Group of teens in Northville hold color run for mental health awareness

Group believes depression, anxiety should be talked about

NORTHVILLE, Mich. – Annie Heitmeier was a sophomore when she came up with a way for her peers to share how they were feeling. 

"I noticed people were struggling with depression, were struggling with anxiety, were having these thoughts of alone and being alone. And so I kind of started it based on that reason, because I wanted to make a change in our school," Heitmeier said. 

The Northville High School student founded Color My World, a club giving a safe and welcoming environment for students to gather, and create positive messages in the school fostering understanding about depression, anxiety and  suicide prevention. She no longer wants these issues to be taboo topics. 

"I wanted to do something meaningful to try and help my fellow students," explained Heitmeier, Color My World president and founder. "Being a teen in 2018 brings different stresses, fears and struggles that can be really hard to work through. This club offers a space where teens can share their feelings, know they aren't alone and can work together to make a positive impact on the lives of others."

Jahnavi Rajagopal is one of the club's vice presidents. She thinks teens being able to speak with peers who can relate with and connect with them helps to get the issues out. She remembers struggling in 8th and 9th grade.

"I felt like I was struggling with some things on my own and I didn't feel like I have a place to come and talk about it. I didn't have people to really talk to because I didn't want to talk about it with my parents or family. I didn't really want to talk about it with the counselors or teachers, because I just didn't feel comfortable. And I tried to maybe just let it sit, maybe hopefully it will go away if I just try and not think about it, don't talk about it with anyone and that did not help," Rajagopal said. 

The club is in its second year at the school. Heitmeier said the club has discussions and seminars where they talk about their feelings. She says they also talk about some other ways to deal with preventing suicide.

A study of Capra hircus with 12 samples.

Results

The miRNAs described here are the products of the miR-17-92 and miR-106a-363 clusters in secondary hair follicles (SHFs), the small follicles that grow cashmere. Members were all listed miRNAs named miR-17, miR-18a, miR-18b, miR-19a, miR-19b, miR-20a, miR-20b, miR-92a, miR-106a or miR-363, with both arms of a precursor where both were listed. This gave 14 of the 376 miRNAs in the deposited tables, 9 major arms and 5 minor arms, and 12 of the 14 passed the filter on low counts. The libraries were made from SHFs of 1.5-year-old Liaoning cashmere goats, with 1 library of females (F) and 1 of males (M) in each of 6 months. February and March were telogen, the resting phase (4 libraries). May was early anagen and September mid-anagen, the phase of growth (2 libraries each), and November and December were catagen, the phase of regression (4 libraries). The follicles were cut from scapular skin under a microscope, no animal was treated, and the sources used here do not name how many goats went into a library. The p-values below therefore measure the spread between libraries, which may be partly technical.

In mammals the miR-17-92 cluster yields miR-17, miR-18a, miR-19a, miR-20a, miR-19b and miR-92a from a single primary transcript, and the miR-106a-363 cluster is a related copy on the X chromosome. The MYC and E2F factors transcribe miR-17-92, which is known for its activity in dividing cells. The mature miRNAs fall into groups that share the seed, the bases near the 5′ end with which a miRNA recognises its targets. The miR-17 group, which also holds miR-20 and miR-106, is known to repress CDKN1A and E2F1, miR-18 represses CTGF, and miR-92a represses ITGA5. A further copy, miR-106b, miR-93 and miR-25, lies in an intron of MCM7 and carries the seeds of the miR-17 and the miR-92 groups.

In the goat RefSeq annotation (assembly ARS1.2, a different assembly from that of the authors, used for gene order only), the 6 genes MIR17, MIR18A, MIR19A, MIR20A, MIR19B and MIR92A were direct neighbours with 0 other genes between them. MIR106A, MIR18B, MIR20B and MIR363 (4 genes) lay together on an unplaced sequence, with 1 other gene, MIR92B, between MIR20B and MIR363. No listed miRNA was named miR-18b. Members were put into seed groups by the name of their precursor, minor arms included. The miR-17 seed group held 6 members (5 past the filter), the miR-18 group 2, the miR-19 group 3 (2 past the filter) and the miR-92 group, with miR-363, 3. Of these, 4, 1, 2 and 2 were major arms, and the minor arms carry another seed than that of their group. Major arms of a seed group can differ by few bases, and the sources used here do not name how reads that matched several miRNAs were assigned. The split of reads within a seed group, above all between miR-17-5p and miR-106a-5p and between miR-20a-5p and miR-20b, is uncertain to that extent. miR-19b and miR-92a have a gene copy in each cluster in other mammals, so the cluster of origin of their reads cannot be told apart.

"Teens are also struggling a lot, and that often goes unnoticed or unsaid. You're just a child, what do you have to worry about? And school gets really stressful, especially with the amount of pressure in today's age with social media and the amount of extracurriculars. And going into college we have this huge pressure to figure out what you're doing with your life already," said Sarah Mathew, a vice president of Color My World. 

Tony Koski, principal at Northville High School, says the Color My World Club concentrates on social and emotional wellbeing. 

"When we talk about a broken leg or broken arm, people understand that a little bit more than when we talk about mental health whether it's depression or whether it's suicide, suicidal thoughts. You know, it's very important to have that open dialogue and this club helps that," Koski said. 

For any students struggling, this club wants them to know they are not alone. 

"There's many other people who are dealing with some of the same things as you, and it's important to reach out. It's important to reach out and ask for help and to be vulnerable because I think the only thing wrong with mental illness is the stigmas that we attach to it," Heitmeier said. 

Color My World organized a Color Run 5K Fun Walk in September to bring students and the community together in a fun event and to raise awareness about suicide prevention.

The club spent months and months organizing and planning the event. The run grossed $10,300 and that money will be used to bring peer-to-peer mental health outreach activities to the school.

"I've learned that sometimes, people talk about great ideas, but sometimes never really follow through," explained Rajagopal. "To actually come together -- as a club, a school, a community and actually manage a huge event like this…it's really amazing. Even if we help just one person, it's worth it because we want to make a positive change in our community, come together and celebrate life. We're growing as a club and doing things that are brightening people's days and I think that's a really lovely thing."